If you read this blog or follow me on Twitter you know I'm a big Jay-Z fan. His talent, music, swagger, outlook on life and art and most of all his story. Jay grew up in the Marcy Projects in Brooklyn, New York. A former drug dealer, he hustled his way to global stardom via hard work and genius level talent for lyrics and flow.
In 2008, Jay-Z was set to headline The Glastonbury Festival in the U.K. This is one of the biggest rock festivals the world has to offer each year. I say rock because no Hip Hop artist had ever headlined it.
Immediately, there was controversy. Ticket sales were rumored to have started off slowly and fingers pointed to Jay-Z. Noel Gallagher of Oasis was quoted as saying:
"I'm sorry, but Jay-Z? No chance. Glastonbury has a tradition of guitar music and even when they throw the odd curve ball in on a Sunday night you go 'Kylie Minogue?' I don't know about it. But I'm not having hip hop at Glastonbury. It's wrong."
The press stirred it up. Everyone weighed in. Should Jay-Z bow out? Should he play? Does Hip Hop belong at Glastonbury?
At the time Jay-Z was already a star in the United States and beginning to be global, but not yet. Glastonbury has audiences from all over the world. The crowd fly flags representing just about every country you can think of.
Was it too risky for him to try and fail?
Entrepreneurs and artists create and risk. That's what they do. And with creation comes success or failure. Sometimes they deliver and sometimes not.
There was no way Jay-Z was bowing out. In fact, I doubt he was worried about failing. There is no more confident artist out there. His skills are undeniable and he's grown into one of the best live performers around. Especially since he added a live band.
"I'm like fuck critics, you can kiss my whole asshole. If you don't like my lyrics, you can press fast forward" - Jay-Z, 99 Problems
So on June 27, 2008 Jay-Z told critics to kiss his ass. In front of 150,000 fans he was about to take the stage. But first, he played this video intro for the crowd:
And then he took the stage. In pure clever and "giving it right back" Hip Hop tradition he opened with his rendtion of OASIS' "Wonderwall" where the lyrics "I don't believe that anybody feels the way I do about you now" took on a whole new "f*ck you" sort of meaning.
"You not feelin' me? Fine, it cost you nothing. Pay me no mind." - Jay-Z, Heart Of The City
The crowd went nuts. "Jay-Z. Jay-Z. Jay-Z". Nodding his head in agreement like a conquering Emperor.
And just as quickly as the video ended Jay-Z demands into the mic: "I just got one thing to say" and blasts into "99 Problems". That song, which ironically enough, was produced by Rick Rubin who has worked with some of the best rock bands around like The Red Hot Chili Peppers and The Cult. Not to mention Jay-Z's idols The Beastie Boys. To add insult to injury, half way through the song, his band includes the guitar riff from AC/DC's "Back in Black". As you'll see below before and after this song, Jay won over the crowd. An amazing moment for a musician facing that kind of public adversity. My friend, DJ Neil Armstrong, was the touring DJ at this show and he said it was a pretty incredible moment. He felt the crowd turn and the energy for the rest of the night was insane. Watch the performance below.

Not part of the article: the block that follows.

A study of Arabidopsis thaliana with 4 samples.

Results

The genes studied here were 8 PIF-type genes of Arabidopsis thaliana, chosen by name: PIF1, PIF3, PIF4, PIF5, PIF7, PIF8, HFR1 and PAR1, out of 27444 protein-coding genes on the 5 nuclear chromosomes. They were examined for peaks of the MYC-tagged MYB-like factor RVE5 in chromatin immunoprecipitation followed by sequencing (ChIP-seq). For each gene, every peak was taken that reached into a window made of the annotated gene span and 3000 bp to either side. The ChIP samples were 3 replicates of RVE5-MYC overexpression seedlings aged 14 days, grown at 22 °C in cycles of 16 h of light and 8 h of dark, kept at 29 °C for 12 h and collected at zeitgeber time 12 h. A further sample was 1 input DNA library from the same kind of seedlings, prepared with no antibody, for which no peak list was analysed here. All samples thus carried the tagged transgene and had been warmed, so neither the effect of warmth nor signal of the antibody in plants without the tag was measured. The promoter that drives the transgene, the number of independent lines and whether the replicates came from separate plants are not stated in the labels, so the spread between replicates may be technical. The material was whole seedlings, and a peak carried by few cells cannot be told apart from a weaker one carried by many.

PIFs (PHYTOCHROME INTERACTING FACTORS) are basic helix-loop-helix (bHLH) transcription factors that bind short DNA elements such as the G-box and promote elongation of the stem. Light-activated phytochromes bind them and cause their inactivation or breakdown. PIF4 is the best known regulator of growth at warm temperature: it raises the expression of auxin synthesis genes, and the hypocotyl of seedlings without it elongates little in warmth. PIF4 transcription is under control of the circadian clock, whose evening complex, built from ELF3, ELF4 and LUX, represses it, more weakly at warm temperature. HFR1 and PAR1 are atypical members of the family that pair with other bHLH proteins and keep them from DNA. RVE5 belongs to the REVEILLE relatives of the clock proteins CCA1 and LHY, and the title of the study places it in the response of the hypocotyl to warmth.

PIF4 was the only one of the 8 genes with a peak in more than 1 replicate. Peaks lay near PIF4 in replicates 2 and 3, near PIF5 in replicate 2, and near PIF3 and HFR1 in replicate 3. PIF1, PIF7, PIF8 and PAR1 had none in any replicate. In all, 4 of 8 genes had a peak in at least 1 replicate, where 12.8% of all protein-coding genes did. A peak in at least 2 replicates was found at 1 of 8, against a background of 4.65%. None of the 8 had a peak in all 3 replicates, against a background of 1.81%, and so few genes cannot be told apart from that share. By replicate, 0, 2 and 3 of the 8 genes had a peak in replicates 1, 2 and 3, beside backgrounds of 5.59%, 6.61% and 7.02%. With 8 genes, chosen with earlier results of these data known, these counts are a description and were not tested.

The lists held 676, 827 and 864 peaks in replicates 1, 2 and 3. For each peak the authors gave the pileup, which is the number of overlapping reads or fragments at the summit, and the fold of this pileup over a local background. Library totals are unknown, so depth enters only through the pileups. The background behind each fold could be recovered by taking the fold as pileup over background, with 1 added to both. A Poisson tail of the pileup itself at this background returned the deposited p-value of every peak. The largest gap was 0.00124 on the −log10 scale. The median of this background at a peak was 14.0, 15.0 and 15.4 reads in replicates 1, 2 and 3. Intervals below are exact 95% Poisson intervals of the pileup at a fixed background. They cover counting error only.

And that night, Jay-Z became a global superstar. The British press, notorious for take downs, was also impressed. The Guardian wrote here: "Glastonbury headliner turns tables on Noel Gallagher after Oasis frontman had lambasted choice of US rapper as top act".
"I'm not looking at you dudes, I'm looking past you" - Jay-Z, Heart of The City
And he did.
Jay-Z's recent commercial with Budweiser also expresses how he looks at art. All art is more similar than not in where it comes from. To him "everything is a remix". "We're all trading off each other's culture" he narrates. This spot is exactly what he was saying at Glastonbury.
My last two jobs were fun and tough.
At Sling Media the entire media ecosystem wanted to kill us. We thought we were right, they were wrong but we didn't hate them, we wanted to win them over or just move past them. But without changing our mission. It was a kiss and slap philososphy. We did it our way.
At MySpace we faced internal and external challenges and a brand and product that was on the outs. Everyone had an opinion. The death watch was on. We still believed we could turn it around. We tried, we created, we risked. But we failed. That's ok. That's how it is sometimes. But you can't sit back and not try. There's no fun in jumping off a bench. Even the creative and right lose.
At both companies I constantly re-told the story of Jay-Z at Glastonbury. Where he looked haters in the eye and slayed them with his product: his music. He won.
Jay-Z risked, confronted, delivered and grew. He's a model for entrepreneurs and artists everywhere and my favorite story.
"I'm not a businessman, I'm a business, man." - Jay-Z, Diamonds From Sierra Leone
p.s. I encourage you to search YouTube and news sites for the coverage and video of Jay-Z at Glastonbury. There are interviews, full performances and pundit coverage. And read his book DECODED. It's awesome.